Wednesday, November 25, 2009

The Intel® Reader is Friendly

A great benefit of working at the Lighthouse is that I get to try out new items that fall into the category of “vision-friendly technology.” Recently, I had the luxury of borrowing one of the newly released Intel® Readers.

I am pleased to report that I find the Intel Reader is as user-friendly as it claims to be. This, I know, is no small feat, because just about every device I come in contact with makes this same assertion, and way more often than not, I don’t make it past “Step 2” or “3.”

The key to my success…the relative simplicity of good design, along with the quick-start guide built right into the Reader. The user manual is also built in, eliminating the anxiety I usually feel upon encountering an instruction book that I will never be able to read. The buttons are tactile, each unique in its shape and position.

I’m feeling pretty proficient and I know that if I can operate this little machine…anyone can. (In fact, it feels kind of like one of those things you’ve borrowed from a friend but really don’t want to give back.)
Its function and assistive nature have grown on me, and it will be interesting to see what happens when I have to return it. Until then, I am discovering new ways to use it every day, and I am going to share my experiences in coming posts to talk about how the Intel reader works for me. Stay tuned.

Friday, November 13, 2009

The Freedom of Speech

This week, Intel made a big, bold move, stepping squarely into my world with the launch of the Intel Reader. Frankly, I could not have dreamt up better company, and I applaud their interest in changing the world a little bit by creating a product that just might take the sting out of reading for millions who have difficulty with print due to dyslexia and declining vision.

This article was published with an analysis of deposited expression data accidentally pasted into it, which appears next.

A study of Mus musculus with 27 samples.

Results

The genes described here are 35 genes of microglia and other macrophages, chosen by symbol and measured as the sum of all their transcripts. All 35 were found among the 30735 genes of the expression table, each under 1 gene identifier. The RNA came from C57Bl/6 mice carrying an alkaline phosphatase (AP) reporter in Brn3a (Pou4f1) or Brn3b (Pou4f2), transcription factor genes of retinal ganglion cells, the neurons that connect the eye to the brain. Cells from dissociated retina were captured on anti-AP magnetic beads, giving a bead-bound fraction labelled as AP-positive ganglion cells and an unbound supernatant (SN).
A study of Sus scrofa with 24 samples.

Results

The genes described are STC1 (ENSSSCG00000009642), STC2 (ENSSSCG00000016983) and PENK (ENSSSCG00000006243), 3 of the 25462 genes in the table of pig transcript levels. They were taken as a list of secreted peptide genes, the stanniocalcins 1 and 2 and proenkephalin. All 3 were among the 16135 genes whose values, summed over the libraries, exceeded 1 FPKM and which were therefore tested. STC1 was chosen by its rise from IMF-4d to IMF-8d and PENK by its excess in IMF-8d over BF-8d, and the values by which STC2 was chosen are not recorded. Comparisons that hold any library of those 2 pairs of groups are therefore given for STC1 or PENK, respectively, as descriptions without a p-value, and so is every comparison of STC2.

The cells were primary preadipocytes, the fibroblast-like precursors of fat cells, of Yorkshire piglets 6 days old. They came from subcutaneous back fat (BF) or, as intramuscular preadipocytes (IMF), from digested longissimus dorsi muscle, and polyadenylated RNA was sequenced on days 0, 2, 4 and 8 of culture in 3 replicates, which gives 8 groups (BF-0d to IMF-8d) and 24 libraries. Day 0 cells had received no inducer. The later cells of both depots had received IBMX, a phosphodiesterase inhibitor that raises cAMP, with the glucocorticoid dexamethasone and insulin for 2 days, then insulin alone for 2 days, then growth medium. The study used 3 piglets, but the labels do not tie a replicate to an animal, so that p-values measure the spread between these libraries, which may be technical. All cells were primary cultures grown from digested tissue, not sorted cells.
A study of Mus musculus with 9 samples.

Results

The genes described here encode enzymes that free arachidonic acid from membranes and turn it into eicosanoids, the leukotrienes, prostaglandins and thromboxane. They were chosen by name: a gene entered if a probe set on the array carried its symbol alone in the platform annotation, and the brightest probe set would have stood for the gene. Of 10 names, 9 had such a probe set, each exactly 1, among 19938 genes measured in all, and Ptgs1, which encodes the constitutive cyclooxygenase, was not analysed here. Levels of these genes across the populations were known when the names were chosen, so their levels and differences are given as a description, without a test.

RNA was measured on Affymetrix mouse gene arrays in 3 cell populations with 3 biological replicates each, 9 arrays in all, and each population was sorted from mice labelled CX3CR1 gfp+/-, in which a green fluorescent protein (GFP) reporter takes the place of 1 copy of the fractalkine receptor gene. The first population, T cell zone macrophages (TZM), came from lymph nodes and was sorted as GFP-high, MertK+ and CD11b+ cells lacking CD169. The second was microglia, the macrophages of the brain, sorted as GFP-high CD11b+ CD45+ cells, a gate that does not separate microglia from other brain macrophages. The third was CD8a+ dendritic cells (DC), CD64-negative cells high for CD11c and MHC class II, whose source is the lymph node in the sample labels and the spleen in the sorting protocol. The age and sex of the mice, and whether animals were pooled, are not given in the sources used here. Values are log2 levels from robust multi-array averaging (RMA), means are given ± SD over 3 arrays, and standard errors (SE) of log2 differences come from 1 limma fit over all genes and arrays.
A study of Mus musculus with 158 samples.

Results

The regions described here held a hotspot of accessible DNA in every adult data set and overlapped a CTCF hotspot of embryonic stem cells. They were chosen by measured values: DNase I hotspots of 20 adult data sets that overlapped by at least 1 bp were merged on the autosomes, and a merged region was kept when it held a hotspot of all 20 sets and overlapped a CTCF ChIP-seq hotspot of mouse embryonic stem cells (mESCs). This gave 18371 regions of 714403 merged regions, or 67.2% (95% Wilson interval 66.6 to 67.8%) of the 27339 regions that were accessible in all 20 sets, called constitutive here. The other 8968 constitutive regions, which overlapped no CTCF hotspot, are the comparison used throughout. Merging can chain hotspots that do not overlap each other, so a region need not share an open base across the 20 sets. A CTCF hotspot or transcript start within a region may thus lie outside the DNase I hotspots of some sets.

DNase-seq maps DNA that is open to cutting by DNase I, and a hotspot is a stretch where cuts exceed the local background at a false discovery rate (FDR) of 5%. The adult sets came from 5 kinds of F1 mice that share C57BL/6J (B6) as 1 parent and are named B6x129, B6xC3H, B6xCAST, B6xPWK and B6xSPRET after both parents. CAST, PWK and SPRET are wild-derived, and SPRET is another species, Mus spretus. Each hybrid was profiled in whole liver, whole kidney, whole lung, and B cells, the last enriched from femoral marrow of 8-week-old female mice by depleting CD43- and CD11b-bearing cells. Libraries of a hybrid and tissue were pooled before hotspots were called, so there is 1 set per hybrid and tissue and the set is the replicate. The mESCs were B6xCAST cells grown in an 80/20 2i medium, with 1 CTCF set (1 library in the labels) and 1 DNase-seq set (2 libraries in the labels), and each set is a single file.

The mastermind behind the Intel Reader is Ben Foss, a kid from New Hampshire (now 36), who managed his way ― all the way ― to, through and beyond Stanford Law School with severe dyslexia. While reading print, admittedly, was not one of his strengths, strategy clearly was! He knew early on that if he could get all those words past his dyslexia, the rest might be easy.

Last week, I had the great pleasure of participating in a number of press briefings on the Intel Reader, serving as an advocate for people with low vision, as well as sharing my perspective as a person in need of a “reading machine.”

The Intel Reader is coming home with me this weekend ― and we have big plans! First, I’m going to read my mail, which has been piling up. Then, I’ll break open a magazine or two, maybe Vogue first, then The New Yorker. And on Sunday, my plan is to take some of my favorite cookbooks off the shelf and try a new recipe. These things are suddenly possible again because the Intel Reader has a camera that photographs pages of text and converts it to speech. The technical aspects are of little interest to me; I just want to know if it will help me get back to things that I enjoy but have been unable to continue to do with less and less vision.

Everything happens for a reason. I’d like to think that Ben Foss was very successful at overcoming the challenges of dyslexia. And his endeavors may save millions of children and adults the embarrassment of having to say, “Sorry, I can’t read this.” Not to mention the unfortunate misperception that lack of intelligence or illiteracy is to blame.